Score: 9.0 / 10
Overlooked games are a dime a dozen. With
the flood of titles released each year, it isn’t surprising that same
games fall under the cracks, even when given a shining endorsement by
critics and curious players alike.
The original Klonoa, released on the PS1, is one such overlooked title;
released at a time when the gaming market was flooded with 3D
mascot-themed games in order to capitalize on the success of Mario 64,
this 2.5D polygon/sprite hybrid offered one of the greatest
sidescrolling and platforming experiences outside of a Nintendo system,
but remained a cult favorite at best, even after releasing a cel-shaded
Third time’s usually the charm, however, and a third release on the most
popular console this generation might be the one to give Klonoa the
stardom it so richly deserves. Developed by the same team behind the
original game, Namco’s Wii title is in actuality a remake of the first
Klonoa game. In actuality, calling it a visually enhanced port may prove
accurate, as the core game is virtually
identical to the original, but with a new fully polygonal makeover.
Despite the new coat of paint, does Klonoa’s classic gameplay still hold
up to today’s standards?
The story remains unchanged from the original; after experiencing an
ominous dream, the long-eared, cat-like Klonoa and his best friend
Hewpoe embark on an adventure spanning six kingdoms in order to stop the
evil Ghadius from turning their world of Phantomile into a domain of
On the surface, Klonoa features a basic story, but this minimalistic
setting masks an emotionally deep story that features some surprising
twists and a few heartwarming moments that are worthy of being added to
gamers’ “games that made me cry” lists. The colorful, dreamlike visuals
and fantastic soundtrack add to an engaging tale that creates joy as
well as sadness to anyone choosing to play it.
The gameplay also remains unchanged, but still proves to be a greatly
polished experience; as a Ring Spirit, Klonoa uses his friend Hewpoe to
inflate and catch enemies, in which he can then either toss them as
projectiles or use them to propel high into the air. These two methods
are used to traverse and solve puzzles; a switch, for instance, may sit
out of reach in the far off distance, which requires Klonoa to hurl an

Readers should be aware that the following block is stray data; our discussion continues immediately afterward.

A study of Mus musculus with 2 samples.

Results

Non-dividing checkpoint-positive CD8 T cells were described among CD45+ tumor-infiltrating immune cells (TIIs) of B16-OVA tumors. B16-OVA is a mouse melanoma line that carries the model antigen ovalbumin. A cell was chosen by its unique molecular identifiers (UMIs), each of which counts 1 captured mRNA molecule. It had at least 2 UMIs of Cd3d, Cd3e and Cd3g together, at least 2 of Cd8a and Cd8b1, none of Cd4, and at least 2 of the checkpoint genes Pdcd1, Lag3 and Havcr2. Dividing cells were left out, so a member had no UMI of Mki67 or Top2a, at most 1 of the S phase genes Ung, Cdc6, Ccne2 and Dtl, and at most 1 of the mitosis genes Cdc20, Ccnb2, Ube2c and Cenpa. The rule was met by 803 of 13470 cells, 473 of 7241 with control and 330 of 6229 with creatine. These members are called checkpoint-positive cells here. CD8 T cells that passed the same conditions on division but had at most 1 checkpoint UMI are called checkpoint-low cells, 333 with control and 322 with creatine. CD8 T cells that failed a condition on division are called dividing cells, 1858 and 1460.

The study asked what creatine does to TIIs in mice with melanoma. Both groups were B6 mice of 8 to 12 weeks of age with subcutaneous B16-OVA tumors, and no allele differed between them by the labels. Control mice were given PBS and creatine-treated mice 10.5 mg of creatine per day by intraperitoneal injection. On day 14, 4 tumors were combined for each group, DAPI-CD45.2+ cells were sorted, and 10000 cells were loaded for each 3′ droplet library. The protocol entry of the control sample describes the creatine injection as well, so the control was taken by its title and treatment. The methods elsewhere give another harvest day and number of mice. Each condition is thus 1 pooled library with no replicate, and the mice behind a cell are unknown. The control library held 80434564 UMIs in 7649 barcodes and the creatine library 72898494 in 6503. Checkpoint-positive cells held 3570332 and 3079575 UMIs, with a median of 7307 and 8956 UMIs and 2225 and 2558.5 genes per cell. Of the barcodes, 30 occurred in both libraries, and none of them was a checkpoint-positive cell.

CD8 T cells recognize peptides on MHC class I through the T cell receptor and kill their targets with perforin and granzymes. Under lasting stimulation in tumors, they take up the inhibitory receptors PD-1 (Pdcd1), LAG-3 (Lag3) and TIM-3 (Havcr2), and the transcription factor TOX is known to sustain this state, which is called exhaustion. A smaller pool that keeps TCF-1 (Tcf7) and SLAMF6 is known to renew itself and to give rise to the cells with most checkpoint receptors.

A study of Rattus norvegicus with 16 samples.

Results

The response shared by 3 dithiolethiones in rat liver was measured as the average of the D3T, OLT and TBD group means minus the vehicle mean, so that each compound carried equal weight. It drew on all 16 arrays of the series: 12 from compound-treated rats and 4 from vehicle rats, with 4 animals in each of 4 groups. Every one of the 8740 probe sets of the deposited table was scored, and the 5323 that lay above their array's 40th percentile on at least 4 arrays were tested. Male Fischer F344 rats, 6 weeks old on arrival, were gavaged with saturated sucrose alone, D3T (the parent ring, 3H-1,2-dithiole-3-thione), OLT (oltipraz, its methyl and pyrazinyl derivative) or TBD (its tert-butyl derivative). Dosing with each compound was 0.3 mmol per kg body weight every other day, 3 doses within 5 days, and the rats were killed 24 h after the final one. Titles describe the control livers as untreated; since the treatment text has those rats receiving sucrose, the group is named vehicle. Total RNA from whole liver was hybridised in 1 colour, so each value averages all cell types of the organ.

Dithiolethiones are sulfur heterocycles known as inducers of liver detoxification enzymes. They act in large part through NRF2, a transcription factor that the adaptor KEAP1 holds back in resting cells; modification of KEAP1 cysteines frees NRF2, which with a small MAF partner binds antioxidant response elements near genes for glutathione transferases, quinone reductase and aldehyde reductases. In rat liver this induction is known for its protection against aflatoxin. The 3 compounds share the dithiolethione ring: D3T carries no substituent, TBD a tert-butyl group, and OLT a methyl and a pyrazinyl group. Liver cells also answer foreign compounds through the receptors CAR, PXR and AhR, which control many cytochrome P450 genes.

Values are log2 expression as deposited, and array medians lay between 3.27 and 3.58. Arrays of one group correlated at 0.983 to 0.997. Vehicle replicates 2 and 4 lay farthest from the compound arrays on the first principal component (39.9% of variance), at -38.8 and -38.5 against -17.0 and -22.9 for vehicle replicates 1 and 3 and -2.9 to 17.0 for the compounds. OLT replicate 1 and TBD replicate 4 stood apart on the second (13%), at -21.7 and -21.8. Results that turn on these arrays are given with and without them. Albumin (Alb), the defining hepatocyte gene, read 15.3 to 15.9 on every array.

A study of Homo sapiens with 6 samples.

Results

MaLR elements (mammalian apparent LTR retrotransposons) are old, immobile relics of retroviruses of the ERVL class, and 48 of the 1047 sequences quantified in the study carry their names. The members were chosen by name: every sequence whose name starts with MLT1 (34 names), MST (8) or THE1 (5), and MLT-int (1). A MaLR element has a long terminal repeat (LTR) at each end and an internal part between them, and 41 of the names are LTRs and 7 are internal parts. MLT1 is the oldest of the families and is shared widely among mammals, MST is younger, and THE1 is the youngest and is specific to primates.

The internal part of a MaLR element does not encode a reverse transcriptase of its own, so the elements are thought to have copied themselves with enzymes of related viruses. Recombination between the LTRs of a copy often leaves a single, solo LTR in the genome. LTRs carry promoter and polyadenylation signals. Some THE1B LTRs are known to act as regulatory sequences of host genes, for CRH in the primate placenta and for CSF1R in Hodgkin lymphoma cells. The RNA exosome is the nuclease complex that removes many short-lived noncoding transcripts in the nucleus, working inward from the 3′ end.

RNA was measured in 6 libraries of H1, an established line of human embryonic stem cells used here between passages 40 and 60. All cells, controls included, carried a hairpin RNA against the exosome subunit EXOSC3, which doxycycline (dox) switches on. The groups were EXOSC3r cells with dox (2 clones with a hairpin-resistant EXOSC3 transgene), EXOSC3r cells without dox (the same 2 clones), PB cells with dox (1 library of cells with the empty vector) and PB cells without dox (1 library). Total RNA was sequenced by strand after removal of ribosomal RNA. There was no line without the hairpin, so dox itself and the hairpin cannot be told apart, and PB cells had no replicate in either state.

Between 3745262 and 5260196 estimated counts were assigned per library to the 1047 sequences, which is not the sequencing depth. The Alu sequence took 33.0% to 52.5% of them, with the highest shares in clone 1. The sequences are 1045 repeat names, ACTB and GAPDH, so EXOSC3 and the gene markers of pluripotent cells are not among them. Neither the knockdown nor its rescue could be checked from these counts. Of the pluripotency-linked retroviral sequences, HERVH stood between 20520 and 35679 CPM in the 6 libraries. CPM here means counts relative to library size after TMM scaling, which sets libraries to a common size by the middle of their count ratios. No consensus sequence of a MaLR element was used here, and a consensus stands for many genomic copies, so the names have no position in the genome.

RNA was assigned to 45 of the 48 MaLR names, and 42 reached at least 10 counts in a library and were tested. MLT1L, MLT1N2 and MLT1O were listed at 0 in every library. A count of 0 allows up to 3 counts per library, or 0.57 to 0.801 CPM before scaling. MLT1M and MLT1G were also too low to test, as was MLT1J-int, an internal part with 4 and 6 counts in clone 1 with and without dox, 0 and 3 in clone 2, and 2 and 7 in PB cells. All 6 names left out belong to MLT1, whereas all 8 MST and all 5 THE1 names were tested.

inflated enemy to activate it.
But the 2.5D perspective also plays a large role into the gameplay.
Klonoa is able to interact with objects and enemies in both the
foreground and the background, a mechanic that becomes integral to
operating the right switch or finding the missing key to progress in the
level. This outside level of thinking compliments the tightly polished
platforming, resulting in an easy-going, but not always easy adventure.
The original Klonoa featured colorful
visuals for the time, and the fully 3D upgrade has carried on that
spirit along with improved textures, widescreen support, and multiple
effects that culminate in one of the prettiest Wii games to date. The
audio also features two language options, English and Phantomile. The
English dub features strong voicework with the exception of the titular
character, who sounds like a teenage Sonic knockoff; The Phantomile
voicetrack features an originally created language in the vein of Ico
and Shadow of the Colossus (although keep in mind the original Klonoa
came up with the idea long before either game was conceptualized) and
remains a more recommended choice to make Klonoa’s setting feel truly
alive. The music remains completely untouched, but this is hardly a
criticism as Klonoa’s synths and symphonies still hold strong, and is
quite honestly one of the best videogame soundtracks ever made. There
are also a variety of control options, including the standard Wii and
Nunchuck combo, the sideways Wiimote option, the Classic controller, and
even the Gamecube controller.
As timeless as Klonoa’s gameplay remains, the Wii edition sadly fails to
address the two biggest criticisms of the original: A short length and
easy difficulty. Since the levels are structured exactly the same as the
original, the total length to finish the adventure falls under five
hours. Some Wii exclusive editions include a time attack and reverse
mirror modes, but all new areas and puzzles would have gone a long way
in improving the game. As for the difficulty, the puzzles and platforms
vary in challenge, but never reaches the point of frustration, which is
a good thing. The enemies, on the other hand, won’t offer much
resistance in their roles as moving puzzle pieces, and the boss fights
can be dealt with effortlessly once their patterns can be figured out.
But despite the short length and difficulty, Klonoa’s classic strengths
far outweigh its long forgotten weaknesses. Whether you were a fan of
the original or a curious newcomer, Door to Phantomile is a wonderful
experience that deserves to reach the reception it has long deserved.